TORONTO (CNS) — One of the Catholic Church’s most outspoken leaders urged a rapt audience in St. Michael’s Cathedral to embrace silence and be alert to the danger of filling their days with constant news and distraction.
In silence people find God, discover who they are and equip themselves for a meaningful life, said Cardinal Robert Sarah of Guinea, head of the Vatican’s Congregation for Divine Worship and the Sacraments.
“An awesome task is given to us, a difficult task,” the African cardinal told an overflow crowd of 1,200 March 12. “Every one of us is given the task to live freely, to live with dignity.”
His lecture had originally been scheduled for St. Basil Church on the campus of the University of St. Michael’s College, but the free, online tickets were quickly snapped up, and it became apparent that church was too small to meet the demand.
Cardinal Sarah has made news with pronouncements on liturgy that have not always agreed with Pope Francis. At a 2016 liturgical conference in England, he encouraged priests to celebrate Mass “ad orientem” (with their backs to the assembly), prompting a clarification from the Vatican press office. In 2017, his office released a commentary on Pope Francis’ “motu proprio” in which Cardinal Sarah seemed to dispute the pope’s decision to remove the authority over liturgical translations from his office and restore it to conferences of bishops. Cardinal Sarah was subsequently corrected by Pope Francis in a public letter.
But the Toronto lecture left the liturgy wars aside and concentrated on the message of the cardinal’s most recent book on the importance of silence in people’s spiritual lives. He laid out precisely how a Christian can acquire the freedom, dignity and will to discover a deeper life in Christ. The one tool at every Christian’s disposal must be silence, Cardinal Sarah said.
“When we retreat from the noise of the world in silence, we gain a new perspective on the noise of the world,” he said. “To retreat into silence is to come to know ourselves, to know our dignity.”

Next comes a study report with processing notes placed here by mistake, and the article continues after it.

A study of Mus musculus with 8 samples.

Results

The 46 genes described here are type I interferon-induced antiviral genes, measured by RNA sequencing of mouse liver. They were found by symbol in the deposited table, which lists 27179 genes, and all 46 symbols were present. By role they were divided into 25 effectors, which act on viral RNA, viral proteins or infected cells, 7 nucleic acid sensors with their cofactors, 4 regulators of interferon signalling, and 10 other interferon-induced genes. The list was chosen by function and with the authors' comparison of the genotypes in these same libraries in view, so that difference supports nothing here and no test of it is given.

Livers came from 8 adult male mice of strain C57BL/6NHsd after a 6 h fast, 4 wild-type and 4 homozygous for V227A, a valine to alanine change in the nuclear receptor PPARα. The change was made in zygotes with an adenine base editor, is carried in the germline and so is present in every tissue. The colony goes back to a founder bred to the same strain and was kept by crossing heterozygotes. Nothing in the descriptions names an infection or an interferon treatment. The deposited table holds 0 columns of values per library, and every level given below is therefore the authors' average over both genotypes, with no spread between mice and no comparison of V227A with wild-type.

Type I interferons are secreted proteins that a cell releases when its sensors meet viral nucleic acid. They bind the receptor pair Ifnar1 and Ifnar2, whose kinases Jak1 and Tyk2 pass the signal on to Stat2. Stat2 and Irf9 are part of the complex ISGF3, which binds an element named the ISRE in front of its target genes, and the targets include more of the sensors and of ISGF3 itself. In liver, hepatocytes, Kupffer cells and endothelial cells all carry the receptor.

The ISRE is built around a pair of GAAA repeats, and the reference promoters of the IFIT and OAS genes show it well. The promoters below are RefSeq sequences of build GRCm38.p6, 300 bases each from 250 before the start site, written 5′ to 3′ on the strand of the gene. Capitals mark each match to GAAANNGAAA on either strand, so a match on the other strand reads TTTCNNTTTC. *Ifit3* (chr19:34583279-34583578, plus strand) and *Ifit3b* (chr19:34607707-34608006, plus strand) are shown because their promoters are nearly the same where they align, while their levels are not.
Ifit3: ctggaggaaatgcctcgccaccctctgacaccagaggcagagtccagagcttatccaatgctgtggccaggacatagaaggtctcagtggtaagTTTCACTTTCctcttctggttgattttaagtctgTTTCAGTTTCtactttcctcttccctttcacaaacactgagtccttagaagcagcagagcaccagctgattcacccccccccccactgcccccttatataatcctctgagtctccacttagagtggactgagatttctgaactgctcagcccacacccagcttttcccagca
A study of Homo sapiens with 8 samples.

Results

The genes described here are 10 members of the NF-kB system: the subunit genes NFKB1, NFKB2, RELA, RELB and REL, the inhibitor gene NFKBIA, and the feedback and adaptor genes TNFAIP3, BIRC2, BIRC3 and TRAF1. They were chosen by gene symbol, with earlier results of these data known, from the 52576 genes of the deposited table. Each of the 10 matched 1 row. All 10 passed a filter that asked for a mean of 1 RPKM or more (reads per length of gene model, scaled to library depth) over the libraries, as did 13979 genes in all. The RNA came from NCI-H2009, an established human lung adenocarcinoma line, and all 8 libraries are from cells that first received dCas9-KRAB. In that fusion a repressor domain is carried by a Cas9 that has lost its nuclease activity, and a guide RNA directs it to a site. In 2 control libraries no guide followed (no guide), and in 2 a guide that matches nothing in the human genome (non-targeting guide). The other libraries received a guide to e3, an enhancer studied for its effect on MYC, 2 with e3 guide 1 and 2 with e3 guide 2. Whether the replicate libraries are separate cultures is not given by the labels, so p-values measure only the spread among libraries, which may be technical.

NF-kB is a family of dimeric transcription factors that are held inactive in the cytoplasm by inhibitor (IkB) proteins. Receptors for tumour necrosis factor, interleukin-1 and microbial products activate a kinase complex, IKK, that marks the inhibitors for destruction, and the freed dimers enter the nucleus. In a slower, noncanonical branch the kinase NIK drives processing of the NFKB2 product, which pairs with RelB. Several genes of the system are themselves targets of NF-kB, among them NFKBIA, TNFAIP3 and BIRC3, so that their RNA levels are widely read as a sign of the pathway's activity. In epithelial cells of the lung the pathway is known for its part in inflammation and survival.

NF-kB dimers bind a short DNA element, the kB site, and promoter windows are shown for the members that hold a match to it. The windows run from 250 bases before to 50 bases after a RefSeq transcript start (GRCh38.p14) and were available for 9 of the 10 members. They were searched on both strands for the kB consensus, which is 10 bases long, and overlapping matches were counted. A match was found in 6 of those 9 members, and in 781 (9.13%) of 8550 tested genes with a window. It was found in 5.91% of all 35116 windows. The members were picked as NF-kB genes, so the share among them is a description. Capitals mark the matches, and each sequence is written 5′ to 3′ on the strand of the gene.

Silence is the space that allows God into our lives, said the cardinal.
“If we give ourselves to ephemeral and insignificant things, we will understand ourselves as ephemeral and insignificant. If we give ourselves to beautiful and eternal things, we will understand ourselves as beautiful and eternal,” he said.
The evening began with vespers led by Toronto Cardinal Thomas Collins, with a pair of seminarians destined for ordination in May at his side, all in Lenten purple.
Though university students were a minority in the crowd, Cardinal Sarah had prepared his remarks for a youthful audience. He challenged students to abandon their smartphones and other distractions and discover prayer and contemplation in silence.
“How can we be silent together in a way that can be fruitful for our common life?” Cardinal Sarah asked. “For a Christian, it is liturgy.”
Marvels of technology have made it more difficult to know and to learn the value of silence. Cardinal Sarah urged his audience to keep technology in its proper place.
“Technology is only ever a means. Technological development is never an end in itself. Technology does not satisfy our deepest desires,” he said.
“I challenge all of you, think differently about what it means to relax and unwind,” he said. “Let us seek silence, for in silence we come to know God and to know ourselves.”
John Neary, a former firefighter, came to the cathedral in his wheelchair, eager to deepen his understanding of the faith.
Neary said his key takeaway from Cardinal Sarah’s lecture was: “Be silent. Sit there and appreciate everything that God has given to us.”
Swan is associate editor of The Catholic Register in Toronto.